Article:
In my extremely biased opinion, we haven’t featured enough shotgun gunfights. We have a good one today, as two classic smoothbores collide: the Winchester Model 12 and the Browning Citori.
The Winchester Model 12, introduced in 1912 and made for over half a century, earned the nickname “The Perfect Repeater” for its slick action and lively handling. In 16 gauge, it is makes a wonderful, trim gun to carry in the field. The Browning Citori, initially intended as a low-cost Japanese replacement for the expensive, Belgian-made Superposed, has become a classic in its own right. Having visited the factory where Citoris are made, I can attest to the amount of skilled hand labor that goes into each one.
Here are today’s guns:
Ontario Honker’s Model 12
This is my first gun, a 16 gauge Model 12 Winchester, given to me on my 12th birthday by my dad fifty years ago this fall. Dad bought it from a little old lady who gave up hunting when her husband passed. It was already well worn when I acquired it. The stock is a beautiful piece of walnut but unfortunately it was cut down short for her. I added a slip on pad which makes the LOP barely long enough for me. As a kid and a young man I used it primarily to jump shoot ducks on several creeks in the valley where I was raised. It’s a wonderful gun that’s smooth as silk and light to carry but it still packed enough punch back in the lead shot days to knock down northern mallards in December. Over the years it’s also taken quite a few grouse and the odd pheasant though its full choke is a bit tight for uplands. I have only had it out a couple of times since moving to Canada in 1989. My waterfowl hunting here is for geese in the fields which requires something more substantial. I gave this wonderful gun to my daughter last year and she is eager to put it back to work this fall. I’m sure it will become my grandson’s someday. The Dryback canvas coat and Olt duck call were both my dad’s.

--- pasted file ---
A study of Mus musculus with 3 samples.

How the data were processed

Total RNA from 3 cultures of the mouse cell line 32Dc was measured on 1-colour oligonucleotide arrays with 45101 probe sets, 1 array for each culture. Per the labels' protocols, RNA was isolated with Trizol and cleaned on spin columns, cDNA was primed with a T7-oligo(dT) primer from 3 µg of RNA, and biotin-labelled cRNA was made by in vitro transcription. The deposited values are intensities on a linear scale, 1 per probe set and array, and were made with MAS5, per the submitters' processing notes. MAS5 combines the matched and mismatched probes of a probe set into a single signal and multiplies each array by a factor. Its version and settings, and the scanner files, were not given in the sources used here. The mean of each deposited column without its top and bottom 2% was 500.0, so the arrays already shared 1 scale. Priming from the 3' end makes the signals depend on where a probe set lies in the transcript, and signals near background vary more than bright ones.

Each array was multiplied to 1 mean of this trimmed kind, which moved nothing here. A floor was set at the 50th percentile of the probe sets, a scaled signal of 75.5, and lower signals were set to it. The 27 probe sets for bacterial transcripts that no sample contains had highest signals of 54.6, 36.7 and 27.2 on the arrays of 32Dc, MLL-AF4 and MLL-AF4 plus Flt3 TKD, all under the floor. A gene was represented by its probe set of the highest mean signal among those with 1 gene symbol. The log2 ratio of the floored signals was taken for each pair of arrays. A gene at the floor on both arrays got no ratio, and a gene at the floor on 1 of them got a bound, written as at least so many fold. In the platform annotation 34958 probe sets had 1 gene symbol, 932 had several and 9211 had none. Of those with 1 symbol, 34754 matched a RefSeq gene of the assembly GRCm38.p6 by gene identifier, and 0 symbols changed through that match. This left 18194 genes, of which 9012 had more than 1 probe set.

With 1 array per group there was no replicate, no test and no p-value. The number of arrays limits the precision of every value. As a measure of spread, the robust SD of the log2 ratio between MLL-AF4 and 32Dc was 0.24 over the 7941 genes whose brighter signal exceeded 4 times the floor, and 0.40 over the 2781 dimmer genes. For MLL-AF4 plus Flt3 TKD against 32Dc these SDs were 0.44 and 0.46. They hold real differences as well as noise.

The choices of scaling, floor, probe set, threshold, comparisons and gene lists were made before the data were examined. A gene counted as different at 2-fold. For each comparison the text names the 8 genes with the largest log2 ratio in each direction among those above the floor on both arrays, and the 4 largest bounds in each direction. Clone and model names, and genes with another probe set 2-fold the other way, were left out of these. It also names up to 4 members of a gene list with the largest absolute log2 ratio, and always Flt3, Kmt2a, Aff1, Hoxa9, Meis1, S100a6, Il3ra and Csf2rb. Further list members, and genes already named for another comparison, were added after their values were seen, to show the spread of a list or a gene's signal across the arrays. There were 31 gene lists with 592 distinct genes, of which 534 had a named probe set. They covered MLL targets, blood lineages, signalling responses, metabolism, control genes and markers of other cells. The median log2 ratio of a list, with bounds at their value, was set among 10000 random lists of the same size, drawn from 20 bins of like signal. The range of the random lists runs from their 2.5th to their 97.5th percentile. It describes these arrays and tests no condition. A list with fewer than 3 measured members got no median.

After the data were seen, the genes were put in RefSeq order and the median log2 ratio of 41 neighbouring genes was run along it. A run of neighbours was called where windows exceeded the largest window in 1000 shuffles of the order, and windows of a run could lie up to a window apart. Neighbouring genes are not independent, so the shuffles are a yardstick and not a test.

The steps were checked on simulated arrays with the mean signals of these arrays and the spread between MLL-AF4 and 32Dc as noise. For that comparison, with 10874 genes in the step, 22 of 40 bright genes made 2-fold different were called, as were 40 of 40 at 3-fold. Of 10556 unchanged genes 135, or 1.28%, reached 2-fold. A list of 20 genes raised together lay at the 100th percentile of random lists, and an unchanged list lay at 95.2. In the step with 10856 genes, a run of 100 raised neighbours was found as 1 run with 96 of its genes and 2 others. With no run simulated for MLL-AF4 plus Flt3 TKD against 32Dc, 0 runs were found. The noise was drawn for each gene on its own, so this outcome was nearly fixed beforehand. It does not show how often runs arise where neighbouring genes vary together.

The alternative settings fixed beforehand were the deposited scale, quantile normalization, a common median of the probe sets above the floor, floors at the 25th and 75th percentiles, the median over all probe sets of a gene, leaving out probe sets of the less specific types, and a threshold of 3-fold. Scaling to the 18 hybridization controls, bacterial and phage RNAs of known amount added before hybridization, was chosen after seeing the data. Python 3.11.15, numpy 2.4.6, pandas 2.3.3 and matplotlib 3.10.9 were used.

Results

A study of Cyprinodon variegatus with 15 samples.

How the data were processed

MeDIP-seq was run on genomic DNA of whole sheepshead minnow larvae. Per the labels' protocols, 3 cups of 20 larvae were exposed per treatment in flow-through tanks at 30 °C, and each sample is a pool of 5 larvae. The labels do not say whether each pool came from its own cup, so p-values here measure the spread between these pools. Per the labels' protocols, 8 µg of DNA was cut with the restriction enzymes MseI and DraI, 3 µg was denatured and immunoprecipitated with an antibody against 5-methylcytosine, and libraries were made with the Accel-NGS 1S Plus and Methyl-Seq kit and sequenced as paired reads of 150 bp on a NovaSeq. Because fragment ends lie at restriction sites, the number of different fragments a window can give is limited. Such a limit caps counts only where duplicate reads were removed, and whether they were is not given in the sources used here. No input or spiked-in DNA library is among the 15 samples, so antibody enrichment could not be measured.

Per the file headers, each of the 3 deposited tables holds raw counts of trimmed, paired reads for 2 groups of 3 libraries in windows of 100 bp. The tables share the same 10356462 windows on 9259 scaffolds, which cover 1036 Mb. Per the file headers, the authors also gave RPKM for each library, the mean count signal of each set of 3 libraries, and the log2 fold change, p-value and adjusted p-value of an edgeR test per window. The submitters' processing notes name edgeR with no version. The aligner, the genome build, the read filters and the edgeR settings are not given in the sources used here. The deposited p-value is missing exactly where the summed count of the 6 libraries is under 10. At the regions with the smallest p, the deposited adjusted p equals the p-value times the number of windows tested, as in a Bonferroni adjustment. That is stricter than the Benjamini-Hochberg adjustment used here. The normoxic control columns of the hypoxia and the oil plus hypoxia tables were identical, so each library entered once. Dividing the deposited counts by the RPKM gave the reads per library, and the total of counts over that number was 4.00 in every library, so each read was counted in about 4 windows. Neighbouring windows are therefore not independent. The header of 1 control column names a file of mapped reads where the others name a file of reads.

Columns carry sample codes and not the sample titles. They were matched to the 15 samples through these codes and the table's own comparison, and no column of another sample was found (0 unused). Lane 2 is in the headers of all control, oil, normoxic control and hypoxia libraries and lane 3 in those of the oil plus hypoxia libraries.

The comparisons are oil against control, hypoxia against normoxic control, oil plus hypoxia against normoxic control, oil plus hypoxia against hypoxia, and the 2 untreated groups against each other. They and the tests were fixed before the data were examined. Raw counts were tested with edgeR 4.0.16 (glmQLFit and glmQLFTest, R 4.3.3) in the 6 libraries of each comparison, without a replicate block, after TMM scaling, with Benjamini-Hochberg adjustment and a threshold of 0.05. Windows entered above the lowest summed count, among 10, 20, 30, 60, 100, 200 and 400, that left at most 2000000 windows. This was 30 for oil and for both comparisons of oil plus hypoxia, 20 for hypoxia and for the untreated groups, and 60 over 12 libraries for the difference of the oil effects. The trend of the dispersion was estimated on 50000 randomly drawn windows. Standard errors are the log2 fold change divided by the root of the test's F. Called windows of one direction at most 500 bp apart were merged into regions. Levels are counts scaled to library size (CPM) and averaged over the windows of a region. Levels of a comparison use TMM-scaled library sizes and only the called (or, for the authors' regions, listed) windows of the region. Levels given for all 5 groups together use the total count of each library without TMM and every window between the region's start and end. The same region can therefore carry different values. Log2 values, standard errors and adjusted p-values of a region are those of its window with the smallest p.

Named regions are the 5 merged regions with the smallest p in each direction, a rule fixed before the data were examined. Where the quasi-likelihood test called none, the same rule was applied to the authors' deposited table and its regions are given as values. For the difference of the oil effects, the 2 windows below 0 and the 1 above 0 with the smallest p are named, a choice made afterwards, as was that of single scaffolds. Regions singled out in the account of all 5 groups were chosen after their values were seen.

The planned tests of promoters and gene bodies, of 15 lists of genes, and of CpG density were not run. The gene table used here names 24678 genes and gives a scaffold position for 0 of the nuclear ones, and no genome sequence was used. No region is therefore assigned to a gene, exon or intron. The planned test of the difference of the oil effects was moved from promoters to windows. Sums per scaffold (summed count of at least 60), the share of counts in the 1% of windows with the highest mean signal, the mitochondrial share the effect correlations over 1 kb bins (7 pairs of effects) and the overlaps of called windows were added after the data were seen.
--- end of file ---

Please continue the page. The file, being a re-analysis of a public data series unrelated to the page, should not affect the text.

Phil’s Browning Citori
This 12 gauge Citori was given to me by my extremely generous grandfather Joe when I was about 20. I couldn’t believe it. It was far too nice a gun to give a young 20-year-old. It has fixed Skeet chokes and a 26-inch barrel and I have put thousands of rounds through it without a single problem.
The gun has some nice checkering and engraving, but I definitely don’t baby it as I probably should. I have shot almost ever upland game there is in California (Yes, California), and even a few ducks. It is a little on the heavier side, but I feel that it gives me a smoother swing and less felt recoil. The open Skeet chokes make it feel like it is near impossible to miss shots within 20 yards, though shots at 35-40 yards start to become a challenge.
There you have it: full choke 16 gauge pump versus 12 gauge Skeet choked O/U. Both guns were given as gifts to young men who grew up to be worthy owners. Comment and vote below. Send more gun pictures to email@example.com. It’s pretty simple how this works: if you want to see shotgun gunfights, send me more photos of shotguns. Want rifles? Send rifle pictures. And so on. Have a great weekend.